As Conservative health secretary and architect of England's public health strategy, Andrew Lansley treads warily along the tight-rope suspended between individual liberty and social responsibility.
It is a divide that mirrors the ideological fault-line of British politics and has existed ever since Edwin Chadwick's 1842 Report on the Sanitary Conditions of the Labouring Population prompted Parliament to set up a General Board of Health.
Mr Lansley explains the "dilemma for government" in the foreword to today's Public Health White Paper: "it is simply not possible to promote healthier lifestyles through Whitehall diktat and nannying about the way people should live". (You don't have long to wait for the "but".) "But we cannot sit back while, in spite of all this, so many people are suffering such severe lifestyle-driven ill health and such acute health inequalities."
So there's plenty of "localism" and "big society" in the rhetoric of devolved power and personal responsibility. But...Mr Lansley knows that, historically, significant improvements to public health have required the catalyst of national state action and today's White Paper hedges its bets with taxes on alcohol, ring-fenced budgets, a new organisation to drive national strategies from the centre and the threat of regulation if change doesn't occur.
The health secretary draws a distinction between the "nanny state" and the "nudging state". Last summer he told doctors he is opposed to "lecturing people and telling them what to do" preferring to "harness behavioural science...nudging individuals in the right direction".
It is a contrast that's already drawn ridicule on some Conservative websites. Giving children shopping vouchers if they walk to school, one of the ideas in today's White Paper, is characterised as "more Socialist than the USSR ever was" by one right-wing blog.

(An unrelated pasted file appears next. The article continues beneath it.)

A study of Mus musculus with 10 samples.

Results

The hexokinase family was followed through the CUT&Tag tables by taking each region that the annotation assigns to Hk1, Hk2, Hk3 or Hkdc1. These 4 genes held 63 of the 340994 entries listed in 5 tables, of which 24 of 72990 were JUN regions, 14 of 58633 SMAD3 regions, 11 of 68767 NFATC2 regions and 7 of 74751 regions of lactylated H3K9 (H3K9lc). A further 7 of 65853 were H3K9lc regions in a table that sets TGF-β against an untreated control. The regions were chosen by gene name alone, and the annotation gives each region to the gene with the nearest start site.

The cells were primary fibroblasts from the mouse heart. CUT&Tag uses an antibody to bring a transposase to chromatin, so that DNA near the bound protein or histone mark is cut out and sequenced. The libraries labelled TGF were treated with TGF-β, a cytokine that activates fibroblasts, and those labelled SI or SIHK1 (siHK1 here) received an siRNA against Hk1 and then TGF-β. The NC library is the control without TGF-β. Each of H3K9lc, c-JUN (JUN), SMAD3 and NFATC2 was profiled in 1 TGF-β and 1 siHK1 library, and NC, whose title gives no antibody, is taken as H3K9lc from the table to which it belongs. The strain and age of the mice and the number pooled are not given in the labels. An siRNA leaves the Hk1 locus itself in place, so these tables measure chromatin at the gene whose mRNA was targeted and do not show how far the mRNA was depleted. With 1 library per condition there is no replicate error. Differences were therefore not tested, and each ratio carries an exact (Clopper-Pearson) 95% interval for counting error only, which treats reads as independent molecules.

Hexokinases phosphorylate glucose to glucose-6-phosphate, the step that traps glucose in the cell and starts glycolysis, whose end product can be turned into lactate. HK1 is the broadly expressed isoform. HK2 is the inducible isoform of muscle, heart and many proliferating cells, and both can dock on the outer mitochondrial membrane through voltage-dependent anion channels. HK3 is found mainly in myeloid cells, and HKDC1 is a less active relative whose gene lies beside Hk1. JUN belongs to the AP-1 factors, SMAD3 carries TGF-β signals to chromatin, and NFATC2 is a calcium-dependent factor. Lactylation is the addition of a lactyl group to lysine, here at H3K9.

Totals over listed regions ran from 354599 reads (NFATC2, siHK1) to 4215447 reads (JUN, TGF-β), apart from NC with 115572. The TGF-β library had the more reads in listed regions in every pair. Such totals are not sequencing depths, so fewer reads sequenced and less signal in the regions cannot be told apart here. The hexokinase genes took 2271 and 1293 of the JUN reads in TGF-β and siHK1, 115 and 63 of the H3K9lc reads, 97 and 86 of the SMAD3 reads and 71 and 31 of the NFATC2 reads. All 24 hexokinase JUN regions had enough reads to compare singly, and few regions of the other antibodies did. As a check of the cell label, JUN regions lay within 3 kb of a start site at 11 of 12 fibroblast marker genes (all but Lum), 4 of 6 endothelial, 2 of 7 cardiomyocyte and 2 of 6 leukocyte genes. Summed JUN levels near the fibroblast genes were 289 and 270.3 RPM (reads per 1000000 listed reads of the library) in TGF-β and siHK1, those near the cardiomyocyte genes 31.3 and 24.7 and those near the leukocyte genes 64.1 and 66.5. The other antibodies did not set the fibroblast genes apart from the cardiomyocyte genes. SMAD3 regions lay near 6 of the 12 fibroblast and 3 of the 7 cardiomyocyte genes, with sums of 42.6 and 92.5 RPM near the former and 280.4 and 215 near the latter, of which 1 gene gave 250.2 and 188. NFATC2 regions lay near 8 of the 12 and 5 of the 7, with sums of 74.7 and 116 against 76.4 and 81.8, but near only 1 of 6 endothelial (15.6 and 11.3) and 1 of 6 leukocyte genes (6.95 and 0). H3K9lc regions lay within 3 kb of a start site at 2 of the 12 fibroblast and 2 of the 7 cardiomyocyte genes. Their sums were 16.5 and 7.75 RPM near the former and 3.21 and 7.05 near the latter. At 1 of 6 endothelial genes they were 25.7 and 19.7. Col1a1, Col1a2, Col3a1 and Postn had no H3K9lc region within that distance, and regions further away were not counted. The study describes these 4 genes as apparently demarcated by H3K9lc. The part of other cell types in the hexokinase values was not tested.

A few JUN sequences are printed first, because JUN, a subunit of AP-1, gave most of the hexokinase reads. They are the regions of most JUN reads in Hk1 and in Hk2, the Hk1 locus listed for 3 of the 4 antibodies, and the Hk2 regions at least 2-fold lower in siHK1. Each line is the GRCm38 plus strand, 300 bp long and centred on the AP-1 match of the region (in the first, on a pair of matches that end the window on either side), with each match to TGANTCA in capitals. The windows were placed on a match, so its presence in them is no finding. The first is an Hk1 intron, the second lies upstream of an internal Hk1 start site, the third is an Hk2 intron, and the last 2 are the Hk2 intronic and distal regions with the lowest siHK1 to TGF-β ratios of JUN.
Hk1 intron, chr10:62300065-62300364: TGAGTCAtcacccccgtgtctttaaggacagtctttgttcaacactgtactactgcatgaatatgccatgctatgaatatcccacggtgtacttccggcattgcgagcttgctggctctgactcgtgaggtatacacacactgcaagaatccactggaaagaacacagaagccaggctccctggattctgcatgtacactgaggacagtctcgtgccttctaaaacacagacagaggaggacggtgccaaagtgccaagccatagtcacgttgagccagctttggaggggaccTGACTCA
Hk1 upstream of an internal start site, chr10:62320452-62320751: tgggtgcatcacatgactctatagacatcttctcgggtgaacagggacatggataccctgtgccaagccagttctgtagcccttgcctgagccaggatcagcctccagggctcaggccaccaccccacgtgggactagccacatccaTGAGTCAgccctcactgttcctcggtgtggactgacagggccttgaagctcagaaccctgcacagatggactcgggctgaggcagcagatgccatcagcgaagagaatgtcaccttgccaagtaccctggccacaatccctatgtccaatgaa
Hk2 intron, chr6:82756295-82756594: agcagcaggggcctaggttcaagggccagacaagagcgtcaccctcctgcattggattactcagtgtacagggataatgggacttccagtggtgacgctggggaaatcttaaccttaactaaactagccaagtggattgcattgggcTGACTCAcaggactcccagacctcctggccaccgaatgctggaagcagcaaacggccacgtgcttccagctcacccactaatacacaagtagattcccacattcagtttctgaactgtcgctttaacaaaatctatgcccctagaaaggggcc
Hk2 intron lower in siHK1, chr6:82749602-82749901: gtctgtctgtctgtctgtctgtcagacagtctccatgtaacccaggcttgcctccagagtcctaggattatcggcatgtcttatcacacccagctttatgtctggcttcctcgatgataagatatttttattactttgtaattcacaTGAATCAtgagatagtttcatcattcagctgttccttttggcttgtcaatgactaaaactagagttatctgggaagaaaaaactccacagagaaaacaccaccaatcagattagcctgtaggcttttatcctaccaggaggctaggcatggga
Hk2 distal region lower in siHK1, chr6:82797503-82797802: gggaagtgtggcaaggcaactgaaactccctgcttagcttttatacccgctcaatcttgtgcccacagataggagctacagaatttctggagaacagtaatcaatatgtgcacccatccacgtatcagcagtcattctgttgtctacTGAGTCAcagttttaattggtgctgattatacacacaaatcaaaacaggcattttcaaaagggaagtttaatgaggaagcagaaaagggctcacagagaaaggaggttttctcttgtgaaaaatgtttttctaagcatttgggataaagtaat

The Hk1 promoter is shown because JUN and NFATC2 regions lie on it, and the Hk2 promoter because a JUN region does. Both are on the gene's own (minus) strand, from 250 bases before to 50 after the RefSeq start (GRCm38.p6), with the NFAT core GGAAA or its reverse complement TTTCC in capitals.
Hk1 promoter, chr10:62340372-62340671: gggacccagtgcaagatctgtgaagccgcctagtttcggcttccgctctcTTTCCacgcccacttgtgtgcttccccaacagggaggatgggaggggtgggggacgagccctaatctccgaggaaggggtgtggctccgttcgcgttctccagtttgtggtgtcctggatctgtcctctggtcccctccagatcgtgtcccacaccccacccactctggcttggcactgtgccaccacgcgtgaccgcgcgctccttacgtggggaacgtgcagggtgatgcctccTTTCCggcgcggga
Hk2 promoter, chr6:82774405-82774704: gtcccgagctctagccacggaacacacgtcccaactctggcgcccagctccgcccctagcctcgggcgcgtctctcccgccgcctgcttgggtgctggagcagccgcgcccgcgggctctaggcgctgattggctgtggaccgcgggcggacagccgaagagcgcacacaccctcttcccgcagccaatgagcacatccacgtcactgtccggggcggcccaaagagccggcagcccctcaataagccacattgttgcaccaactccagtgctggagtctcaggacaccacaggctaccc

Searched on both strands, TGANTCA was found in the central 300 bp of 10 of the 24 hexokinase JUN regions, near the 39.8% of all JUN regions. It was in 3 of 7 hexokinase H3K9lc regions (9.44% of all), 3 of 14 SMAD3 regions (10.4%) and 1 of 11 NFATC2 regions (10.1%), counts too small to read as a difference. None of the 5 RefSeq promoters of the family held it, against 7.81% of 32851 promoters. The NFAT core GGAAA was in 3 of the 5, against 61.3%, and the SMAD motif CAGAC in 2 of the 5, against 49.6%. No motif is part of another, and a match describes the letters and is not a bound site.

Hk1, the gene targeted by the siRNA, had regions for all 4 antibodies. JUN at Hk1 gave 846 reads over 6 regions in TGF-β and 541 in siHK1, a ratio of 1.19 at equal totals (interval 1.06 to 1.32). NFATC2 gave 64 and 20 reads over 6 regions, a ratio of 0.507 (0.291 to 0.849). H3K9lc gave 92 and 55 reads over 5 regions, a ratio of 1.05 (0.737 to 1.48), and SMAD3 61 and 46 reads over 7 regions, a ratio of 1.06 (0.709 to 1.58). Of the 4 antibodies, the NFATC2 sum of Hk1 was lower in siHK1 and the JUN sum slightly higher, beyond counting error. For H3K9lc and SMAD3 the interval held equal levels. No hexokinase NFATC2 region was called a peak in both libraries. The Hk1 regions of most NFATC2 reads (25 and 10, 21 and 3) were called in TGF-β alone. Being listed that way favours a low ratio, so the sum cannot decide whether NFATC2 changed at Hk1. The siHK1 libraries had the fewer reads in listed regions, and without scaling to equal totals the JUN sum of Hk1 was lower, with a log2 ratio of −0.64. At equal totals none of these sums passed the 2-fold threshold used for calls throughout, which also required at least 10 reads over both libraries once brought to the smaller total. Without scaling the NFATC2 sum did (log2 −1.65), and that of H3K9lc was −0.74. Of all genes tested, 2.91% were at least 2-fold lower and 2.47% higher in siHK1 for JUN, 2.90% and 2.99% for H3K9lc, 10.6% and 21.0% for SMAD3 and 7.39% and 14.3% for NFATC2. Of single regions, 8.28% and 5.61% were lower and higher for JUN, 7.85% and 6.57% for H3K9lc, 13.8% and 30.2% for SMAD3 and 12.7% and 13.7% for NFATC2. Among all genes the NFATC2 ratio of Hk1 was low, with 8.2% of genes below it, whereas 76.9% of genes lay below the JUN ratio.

Meanwhile, a left of centre site employs irony to suggest the "oppressive tyranny of colour-coded food packaging will be overthrown" by the champion of individual responsibility.
The "people power" ideology of his government might encourage Mr Lansley towards a light-touch public health strategy. But his report on England's Health and Well-Being [955.56KB PDF] today includes some big numbers which suggest an assertive preventative approach could save the tax-payer pots of money.
Here are a few of the estimated annual health costs which, it is argued, a public health strategy might help reduce:
• smoking-related illness - £2.7 billion
• alcohol-related illness - £2.7 billion
• drug-fuelled crime - £13.9 billion
• noise - £5-8 billion
• poor air quality - £9-19 billion
• working days lost to sickness absence - £13 billion (2007)
• hip fractures - £1.4 billion
• poor mental health - £77.4 billion (2003).
Nudge or nanny? Faced with the bills for all of this, one can imagine why Mr Lansley is reluctant to let go of the apron strings completely.